The Sweet Gospel of Christ

Rachael Denhollander has received a great deal of well-deserved recognition and praise for her victim impact statement at Larry Nassar’s trial.

According to the article by The Washington Post, Denhollander was the first to bring charges against Nassar for sexual abuse he committed against over 200 women and girls when he served as USA Gymnastics team doctor and as sports physician at Michigan State University. She first brought her charges in August, 2016, so the fact that Nassar has been tried and convicted already is testimony to how quickly the justice system worked this case. It wasn’t always so, however, because so many of the women and girls who complained about Nassar were ignored by those at USA Gymnastics, at MSU, and by the police. Denhollander, herself, testified to the price she pain for bringing charges against the popular, charismatic, and award-winning physician, including losing friendships and even her church.

But anger and vengeance were not the themes of Denhollander’s victims impact statement. Instead, she focused on forgiveness, though not a forgiveness that comes cheaply, but one that comes in God’s response to true repentance.

Denhollander referenced the Bible that Nassar brought with him to his trial:

The Bible you speak of carries a final judgment where all of God’s wrath and his eternal terror is poured out on men like you. Should you ever reach the point of truly facing what you have done, the guilt will be crushing.

And that is what makes the gospel of Christ so sweet, because it extends grace, and hope, and mercy where none should be found. And it will be there for you.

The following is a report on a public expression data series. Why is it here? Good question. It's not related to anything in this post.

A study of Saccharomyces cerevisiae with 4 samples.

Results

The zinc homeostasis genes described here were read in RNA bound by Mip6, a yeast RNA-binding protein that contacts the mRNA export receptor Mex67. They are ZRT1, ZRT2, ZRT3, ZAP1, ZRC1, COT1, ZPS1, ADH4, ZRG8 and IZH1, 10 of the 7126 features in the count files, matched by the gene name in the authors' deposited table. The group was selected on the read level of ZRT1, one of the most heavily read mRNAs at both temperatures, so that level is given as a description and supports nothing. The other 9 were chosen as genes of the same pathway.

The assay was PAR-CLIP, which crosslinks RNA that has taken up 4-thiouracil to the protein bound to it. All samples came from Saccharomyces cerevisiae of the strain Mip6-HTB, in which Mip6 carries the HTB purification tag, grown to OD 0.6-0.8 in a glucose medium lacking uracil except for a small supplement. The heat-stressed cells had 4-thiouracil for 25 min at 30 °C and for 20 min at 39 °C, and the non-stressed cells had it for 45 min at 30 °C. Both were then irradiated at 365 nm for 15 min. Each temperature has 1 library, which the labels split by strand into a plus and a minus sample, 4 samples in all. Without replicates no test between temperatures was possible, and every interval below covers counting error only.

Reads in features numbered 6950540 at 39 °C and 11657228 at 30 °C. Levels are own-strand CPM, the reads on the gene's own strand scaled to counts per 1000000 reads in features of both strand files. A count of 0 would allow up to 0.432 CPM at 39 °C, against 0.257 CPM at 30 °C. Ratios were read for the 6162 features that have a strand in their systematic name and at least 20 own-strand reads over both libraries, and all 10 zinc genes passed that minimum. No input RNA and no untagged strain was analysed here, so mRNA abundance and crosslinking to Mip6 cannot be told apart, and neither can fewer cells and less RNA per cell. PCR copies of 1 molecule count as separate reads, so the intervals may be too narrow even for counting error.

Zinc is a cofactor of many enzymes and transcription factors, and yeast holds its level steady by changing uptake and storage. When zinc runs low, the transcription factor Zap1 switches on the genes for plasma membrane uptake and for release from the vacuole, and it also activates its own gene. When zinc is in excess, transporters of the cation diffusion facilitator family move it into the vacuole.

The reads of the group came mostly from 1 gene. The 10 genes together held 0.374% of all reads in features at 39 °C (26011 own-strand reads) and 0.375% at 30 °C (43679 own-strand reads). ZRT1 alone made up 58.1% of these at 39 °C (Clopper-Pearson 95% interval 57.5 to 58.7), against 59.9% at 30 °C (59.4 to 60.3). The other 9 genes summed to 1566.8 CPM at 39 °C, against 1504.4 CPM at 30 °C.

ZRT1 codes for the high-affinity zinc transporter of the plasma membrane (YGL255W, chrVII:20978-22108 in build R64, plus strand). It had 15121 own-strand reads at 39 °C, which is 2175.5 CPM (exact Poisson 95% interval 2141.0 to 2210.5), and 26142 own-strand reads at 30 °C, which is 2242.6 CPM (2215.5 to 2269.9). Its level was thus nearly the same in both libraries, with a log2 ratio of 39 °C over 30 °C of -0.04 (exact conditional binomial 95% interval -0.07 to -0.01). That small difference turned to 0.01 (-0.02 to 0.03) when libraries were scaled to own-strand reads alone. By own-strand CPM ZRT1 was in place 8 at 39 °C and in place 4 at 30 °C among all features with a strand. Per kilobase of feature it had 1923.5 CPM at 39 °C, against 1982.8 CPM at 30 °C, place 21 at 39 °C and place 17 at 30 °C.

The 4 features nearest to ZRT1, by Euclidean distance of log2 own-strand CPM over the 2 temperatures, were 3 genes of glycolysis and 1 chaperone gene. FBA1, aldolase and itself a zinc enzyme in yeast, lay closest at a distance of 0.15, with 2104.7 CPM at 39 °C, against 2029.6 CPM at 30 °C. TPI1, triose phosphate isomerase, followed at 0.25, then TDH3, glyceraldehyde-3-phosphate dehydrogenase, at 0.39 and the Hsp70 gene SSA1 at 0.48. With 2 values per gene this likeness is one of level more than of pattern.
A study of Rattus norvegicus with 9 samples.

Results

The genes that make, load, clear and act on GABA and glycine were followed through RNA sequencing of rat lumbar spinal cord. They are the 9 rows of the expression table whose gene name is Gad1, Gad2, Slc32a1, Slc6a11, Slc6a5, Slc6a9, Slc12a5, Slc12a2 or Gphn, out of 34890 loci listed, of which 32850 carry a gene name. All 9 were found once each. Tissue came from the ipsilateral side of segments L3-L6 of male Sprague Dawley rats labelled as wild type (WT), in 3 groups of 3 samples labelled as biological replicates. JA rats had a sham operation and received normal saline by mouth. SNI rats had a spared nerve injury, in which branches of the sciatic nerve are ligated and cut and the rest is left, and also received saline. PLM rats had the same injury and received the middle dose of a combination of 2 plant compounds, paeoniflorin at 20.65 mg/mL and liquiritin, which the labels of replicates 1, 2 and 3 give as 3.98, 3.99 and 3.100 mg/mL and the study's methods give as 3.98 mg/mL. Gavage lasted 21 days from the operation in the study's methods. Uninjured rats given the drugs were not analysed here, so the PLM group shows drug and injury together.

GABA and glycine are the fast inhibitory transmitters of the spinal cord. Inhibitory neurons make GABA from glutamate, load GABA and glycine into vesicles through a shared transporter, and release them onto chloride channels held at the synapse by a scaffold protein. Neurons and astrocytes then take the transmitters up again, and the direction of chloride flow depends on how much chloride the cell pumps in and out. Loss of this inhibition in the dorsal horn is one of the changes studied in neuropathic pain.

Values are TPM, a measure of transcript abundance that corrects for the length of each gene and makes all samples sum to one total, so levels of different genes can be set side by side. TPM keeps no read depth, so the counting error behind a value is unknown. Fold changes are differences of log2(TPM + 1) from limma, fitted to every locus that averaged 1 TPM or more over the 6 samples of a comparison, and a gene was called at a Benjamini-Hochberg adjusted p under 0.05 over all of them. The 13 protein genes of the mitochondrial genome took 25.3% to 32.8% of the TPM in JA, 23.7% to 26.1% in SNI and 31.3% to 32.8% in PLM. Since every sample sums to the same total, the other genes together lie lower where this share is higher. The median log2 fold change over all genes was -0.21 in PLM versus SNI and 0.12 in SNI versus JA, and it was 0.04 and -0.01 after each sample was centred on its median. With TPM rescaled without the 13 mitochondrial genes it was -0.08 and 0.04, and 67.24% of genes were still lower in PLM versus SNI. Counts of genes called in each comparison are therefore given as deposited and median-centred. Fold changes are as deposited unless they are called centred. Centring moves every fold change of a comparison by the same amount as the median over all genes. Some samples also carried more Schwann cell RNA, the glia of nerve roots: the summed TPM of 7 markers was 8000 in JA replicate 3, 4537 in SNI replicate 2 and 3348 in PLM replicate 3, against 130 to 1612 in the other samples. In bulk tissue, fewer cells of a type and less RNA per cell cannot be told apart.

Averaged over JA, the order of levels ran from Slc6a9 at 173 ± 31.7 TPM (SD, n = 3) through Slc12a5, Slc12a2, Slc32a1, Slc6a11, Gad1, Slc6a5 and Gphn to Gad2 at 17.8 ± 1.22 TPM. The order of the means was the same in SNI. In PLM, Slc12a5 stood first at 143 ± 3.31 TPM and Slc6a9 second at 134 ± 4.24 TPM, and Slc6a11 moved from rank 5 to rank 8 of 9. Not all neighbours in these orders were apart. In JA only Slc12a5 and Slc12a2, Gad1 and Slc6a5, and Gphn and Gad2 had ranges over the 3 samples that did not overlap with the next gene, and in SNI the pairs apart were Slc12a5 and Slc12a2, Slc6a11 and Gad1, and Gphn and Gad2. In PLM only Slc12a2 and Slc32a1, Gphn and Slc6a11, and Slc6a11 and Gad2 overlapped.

I pray you experience the soul-crushing weight of guilt so that you may someday experience true repentance and true forgiveness from God, which you need far more than forgiveness from me—though I extend that to you as well.

Denhollander’s words are poignant and her willingness to extend forgiveness to Nassar a witness to Christian virtue. Denhollander is a devout Christian and a pro-life advocate.

But, we should each remember that the truth Denhollander’s speaks is not only for men like Nassar. It is for all of us. The wrath of God will be poured out on all of us for, really, we are all of us “men like Nassar” in that we have turned from God and given ourselves over to sin. Quoting Psalms 14 and 53, St. Paul writes in his letter to the Romans:

“There is no one just, not one, there is no one who understands, there is no one who seeks God. All have gone astray; all alike are worthless; there is not one who does good, there is not even one” (Romans 3:10-12).

But, as Denhollander notes, God does not leave us in our sins. St. Paul again:

“All have sinned and are deprived of the glory of God. They are justified freely by his grace, through the redemption in Christ Jesus, whom God set forth as an expiation, through faith, by his blood, to prove his righteousness because of the forgiveness of sins previously committed, through the forbearance of God — to prove his righteousness in the present time, that he might be righteous and justify the one who has faith in Jesus” (Romans 3:23-26).

Denhollander’s victims impact statement, her forgiving Nassar and her faith that God can forgive Nassar through Christ if he truly repents, is a testament to her own faith in Christ and her confidence in the power of God’s grace. We must remember and rejoice that the sweet Gospel of Christ that extends grace, and hope, and mercy where none should be found is a promise extended to all of us.

Lent is coming up. The challenge of Ash Wednesday, and all of Lent, is to “Repent, and follow the gospel!” (Mark 1:15). May Denhollander’s words and example, and that of St. Paul, whose own sins against Christ are well documented, remind us to take up that challenge each day of Lent and each day of our lives.

Be Christ for all. Bring Christ to all. See Christ in all.